What to do when your technology supplier is aquired

Having your primary tech vendor bought out can create lots of change in a hurry. Customers of acquired tech firms such as Foundry, EqualLogic and Sun share their concerns and advice.


Brocade's acquisition of Foundry Networks took Foundry customer LINX by surprise.

The London Internet Exchange had been using Foundry's switches and routers for 10 years, and the vendor showed no signs of being an acquisition target or candidate.

"Those signs tend to be rather obvious," says LINX CEO John Souter. "They weren't necessarily showing those signs when the Brocade thing happened."

Souter and his colleagues at LINX went through a range of emotions when the news broke in July 2008 of Brocade's $3 billion offer. Especially since LINX didn't know a whole lot about Brocade.

"We're not users of SAN technology," Souter says. "We asked the people who were deploying the Brocade technology what they thought and generally got very encouraging noises. Since then ... we're really encouraged."

Souter's reactions are typical of a customer of a company being acquired. Users worry that their investments and assets might be stranded or neglected after their primary vendor is purchased, due to product streamlining, an exodus of expertise, strategic refocus, or all three.

After a lull in high-tech acquisitions during the recession, merger and acquisition activity has picked up again and some analysts predict that further big deals lie ahead. For customers, such large acquisitions can create worry and uncertainty, throwing into question future plans and the stability of projects underway.

Andrew Poodle is going through his second such situation. Poodle and his Craftspeed Web site development company use the MySQL database in its clients' projects. He was a MySQL user when Sun Microsystems bought MySQL in 2008, and it was déjà vu all over again for Poodle when Oracle bought Sun 

"When the takeover was announced there was initially some worry and concern," Poodle says. "The transition itself has been relatively painless in terms of the interaction between customer and MySQL. We still talk to the same people who have the same knowledge and passion for a product they have helped develop. The day-to-day stuff hasn't changed, but I think that's not where the worries and concerns lie."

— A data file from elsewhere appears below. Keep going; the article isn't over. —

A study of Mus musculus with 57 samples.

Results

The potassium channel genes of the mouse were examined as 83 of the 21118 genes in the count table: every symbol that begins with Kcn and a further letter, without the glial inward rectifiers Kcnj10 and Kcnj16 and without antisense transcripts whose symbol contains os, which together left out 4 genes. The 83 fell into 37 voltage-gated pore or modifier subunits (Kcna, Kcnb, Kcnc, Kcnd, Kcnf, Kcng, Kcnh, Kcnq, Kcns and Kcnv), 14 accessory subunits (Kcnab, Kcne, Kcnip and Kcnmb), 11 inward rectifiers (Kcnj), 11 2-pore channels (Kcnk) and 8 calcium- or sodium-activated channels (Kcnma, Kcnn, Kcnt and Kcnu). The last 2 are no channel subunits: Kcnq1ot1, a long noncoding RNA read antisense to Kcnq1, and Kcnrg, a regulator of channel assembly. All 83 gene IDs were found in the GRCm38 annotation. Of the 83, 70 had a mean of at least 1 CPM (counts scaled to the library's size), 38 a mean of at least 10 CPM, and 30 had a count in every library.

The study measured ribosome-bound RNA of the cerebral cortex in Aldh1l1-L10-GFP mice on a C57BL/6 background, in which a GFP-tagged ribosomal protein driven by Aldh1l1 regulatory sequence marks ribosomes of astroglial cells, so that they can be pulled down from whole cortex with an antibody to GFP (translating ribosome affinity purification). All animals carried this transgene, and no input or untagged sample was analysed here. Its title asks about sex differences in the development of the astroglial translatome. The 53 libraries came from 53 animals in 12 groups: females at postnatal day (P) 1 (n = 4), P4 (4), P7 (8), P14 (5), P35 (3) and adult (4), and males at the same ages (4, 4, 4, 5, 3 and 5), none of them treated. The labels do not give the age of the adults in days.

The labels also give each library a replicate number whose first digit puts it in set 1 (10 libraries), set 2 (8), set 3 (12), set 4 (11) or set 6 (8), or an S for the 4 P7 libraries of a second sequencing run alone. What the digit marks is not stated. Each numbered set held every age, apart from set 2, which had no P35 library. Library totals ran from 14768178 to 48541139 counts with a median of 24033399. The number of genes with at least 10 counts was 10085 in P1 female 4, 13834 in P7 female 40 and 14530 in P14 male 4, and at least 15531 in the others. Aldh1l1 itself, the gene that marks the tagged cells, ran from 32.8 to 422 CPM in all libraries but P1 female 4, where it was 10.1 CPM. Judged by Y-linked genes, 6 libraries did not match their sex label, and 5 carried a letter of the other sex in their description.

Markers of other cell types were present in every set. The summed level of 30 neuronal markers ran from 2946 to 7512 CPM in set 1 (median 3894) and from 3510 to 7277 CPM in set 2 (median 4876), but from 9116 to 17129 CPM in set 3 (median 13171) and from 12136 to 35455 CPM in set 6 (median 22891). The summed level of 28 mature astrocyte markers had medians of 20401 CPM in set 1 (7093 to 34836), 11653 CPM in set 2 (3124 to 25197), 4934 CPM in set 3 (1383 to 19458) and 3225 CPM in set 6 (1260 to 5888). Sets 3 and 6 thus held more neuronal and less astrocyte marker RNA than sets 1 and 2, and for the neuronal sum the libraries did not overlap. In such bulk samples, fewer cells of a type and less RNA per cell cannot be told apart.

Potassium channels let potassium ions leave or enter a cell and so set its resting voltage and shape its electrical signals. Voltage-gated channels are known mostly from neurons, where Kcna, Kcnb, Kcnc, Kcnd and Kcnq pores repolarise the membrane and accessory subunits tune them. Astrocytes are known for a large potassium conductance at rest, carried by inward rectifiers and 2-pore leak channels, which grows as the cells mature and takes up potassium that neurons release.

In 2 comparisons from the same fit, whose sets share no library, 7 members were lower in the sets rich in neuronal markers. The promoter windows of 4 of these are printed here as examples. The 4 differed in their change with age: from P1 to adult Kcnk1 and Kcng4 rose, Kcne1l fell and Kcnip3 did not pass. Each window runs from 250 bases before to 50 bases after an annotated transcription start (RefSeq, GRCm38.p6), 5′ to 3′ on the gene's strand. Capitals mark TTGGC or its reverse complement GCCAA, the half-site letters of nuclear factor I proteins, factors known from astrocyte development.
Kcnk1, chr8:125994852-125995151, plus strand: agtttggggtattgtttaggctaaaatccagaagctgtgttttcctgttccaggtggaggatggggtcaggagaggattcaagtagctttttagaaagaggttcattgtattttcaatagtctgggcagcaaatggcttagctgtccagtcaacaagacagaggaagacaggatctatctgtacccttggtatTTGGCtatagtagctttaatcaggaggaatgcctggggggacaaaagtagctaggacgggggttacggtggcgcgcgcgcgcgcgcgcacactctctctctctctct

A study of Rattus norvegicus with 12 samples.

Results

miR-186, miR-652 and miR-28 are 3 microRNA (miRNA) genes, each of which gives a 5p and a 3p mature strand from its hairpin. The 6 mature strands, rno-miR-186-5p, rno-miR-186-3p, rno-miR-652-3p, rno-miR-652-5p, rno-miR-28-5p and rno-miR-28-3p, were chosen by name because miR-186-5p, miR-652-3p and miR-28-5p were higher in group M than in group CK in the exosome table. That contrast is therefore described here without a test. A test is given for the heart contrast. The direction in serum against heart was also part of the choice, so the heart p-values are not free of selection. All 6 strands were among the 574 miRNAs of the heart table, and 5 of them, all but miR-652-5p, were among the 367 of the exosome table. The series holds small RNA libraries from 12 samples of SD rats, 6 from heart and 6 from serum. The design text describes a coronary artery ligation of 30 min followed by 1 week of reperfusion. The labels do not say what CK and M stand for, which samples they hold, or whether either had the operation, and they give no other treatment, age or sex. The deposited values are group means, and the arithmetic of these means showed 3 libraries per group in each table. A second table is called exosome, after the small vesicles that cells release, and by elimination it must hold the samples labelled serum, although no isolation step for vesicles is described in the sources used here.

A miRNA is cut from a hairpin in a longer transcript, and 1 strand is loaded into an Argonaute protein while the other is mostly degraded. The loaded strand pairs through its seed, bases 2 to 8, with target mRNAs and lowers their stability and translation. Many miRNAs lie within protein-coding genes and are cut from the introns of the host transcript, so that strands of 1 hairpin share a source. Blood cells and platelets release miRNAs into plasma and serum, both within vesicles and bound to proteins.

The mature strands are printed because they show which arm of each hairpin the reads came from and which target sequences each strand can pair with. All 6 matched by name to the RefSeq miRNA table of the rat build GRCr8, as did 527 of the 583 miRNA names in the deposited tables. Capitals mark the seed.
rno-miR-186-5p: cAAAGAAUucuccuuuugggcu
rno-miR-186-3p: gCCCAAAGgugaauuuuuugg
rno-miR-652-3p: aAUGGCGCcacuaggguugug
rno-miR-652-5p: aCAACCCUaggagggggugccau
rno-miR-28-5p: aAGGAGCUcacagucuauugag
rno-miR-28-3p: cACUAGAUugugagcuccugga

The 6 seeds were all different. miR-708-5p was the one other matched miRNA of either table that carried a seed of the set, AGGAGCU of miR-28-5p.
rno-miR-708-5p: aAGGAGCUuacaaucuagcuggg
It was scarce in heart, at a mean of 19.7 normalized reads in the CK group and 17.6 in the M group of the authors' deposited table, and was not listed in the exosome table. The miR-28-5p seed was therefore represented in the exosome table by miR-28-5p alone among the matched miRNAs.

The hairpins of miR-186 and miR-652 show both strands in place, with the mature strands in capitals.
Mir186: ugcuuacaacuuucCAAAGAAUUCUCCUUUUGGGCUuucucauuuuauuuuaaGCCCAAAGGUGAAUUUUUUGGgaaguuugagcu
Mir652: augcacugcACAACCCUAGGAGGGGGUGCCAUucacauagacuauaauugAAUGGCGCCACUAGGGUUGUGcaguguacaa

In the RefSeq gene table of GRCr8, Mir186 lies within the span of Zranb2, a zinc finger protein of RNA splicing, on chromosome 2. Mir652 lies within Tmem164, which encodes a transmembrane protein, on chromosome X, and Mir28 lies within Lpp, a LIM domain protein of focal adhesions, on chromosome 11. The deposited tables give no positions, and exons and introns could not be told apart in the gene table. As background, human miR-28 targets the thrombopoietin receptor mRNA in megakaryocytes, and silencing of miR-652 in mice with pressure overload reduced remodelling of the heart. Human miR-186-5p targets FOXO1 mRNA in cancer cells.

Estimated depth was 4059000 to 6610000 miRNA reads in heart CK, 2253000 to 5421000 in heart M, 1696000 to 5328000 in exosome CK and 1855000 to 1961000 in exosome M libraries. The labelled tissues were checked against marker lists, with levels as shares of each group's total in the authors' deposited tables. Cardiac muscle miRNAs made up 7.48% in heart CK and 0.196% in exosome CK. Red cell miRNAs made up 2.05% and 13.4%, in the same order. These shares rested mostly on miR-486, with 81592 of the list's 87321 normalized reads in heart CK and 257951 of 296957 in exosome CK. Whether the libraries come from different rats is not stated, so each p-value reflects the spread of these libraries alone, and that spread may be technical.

Oracle appears to be putting more emphasis on the enterprise version of MySQL than on the product's community edition, Poodle says. Resources available to community users are less apparent than they are to customers of the enterprise edition, he says.

Of more serious concern is the lack of life-cycle policy information for community users. "If you look at the life-cycle policy carefully, it promises the extended support for enterprise customers," Poodle says. "There is no mention of community."

He says users of the community edition had to haggle with Oracle to get the latest security patch for the software. "It took a lot of fighting," Poodle says. (Oracle did not respond to requests for comment by press time.)

Users who've experienced one of their primary vendors being acquired suggest being proactive in opening up the lines of communication with the acquiring company - especially if the acquirer is unfamiliar.

This helped Techevolution, a New England-based IT consultancy and data center collocation company that went through Dell's acquisition of EqualLogic, to avoid any hiccups in the transition. EqualLogic supplies Techevolution's iSCSI storage arrays and Dell acquired the company in 2007 for $1.4 billion.

"We were worried -- you never know what's going to happen -- but it went very, very smooth from the transition of tech support to new equipment that we purchased from Dell," says Techevolution CEO Corey Tapper.

Techevolution ran a tech support "fire drill" shortly after Dell closed the EqualLogic deal by disabling a drive in one of its EqualLogic arrays. "Dell had the same [outage] response, if not faster," Tapper says.. "I thought that was really, really impressive."

He recommends users be proactive in learning as much about the acquiring company and its strategy as possible, while maintaining and even accelerating dialogue with the supplier being acquired.

"Some people buy equipment and never talk to their vendor again unless something breaks or they go and buy something five years later," Tapper says. "We were constantly talking to our vendors. Being prepared and knowing who the new parties are and getting acquainted with them is really important, because if you don't know them, one day you wake up and you're married to a new company. You don't know what the protocol is for the new company, and that could cause some grief."

LINX isn't grieving, thanks to open lines of communication with Brocade. Though there was some consternation around unfamiliarity with Brocade, uncertainty with the Foundry product road map and cultural differences between the companies, Souter says he's encouraged by the transaction.

"I think Brocade appears to have an absolutely ruthless dedication to quality that we certainly didn't see in the old Foundry company," Souter says. "The Brocade approach is just what we liked.

"The more you heard the Brocade-Foundry story … just understanding how they were going to do that and whether they were going to respect this new market they were picking up through the acquisition, those were the key things," Souter says. "They are pretty good at communicating so our minds were at rest very quickly."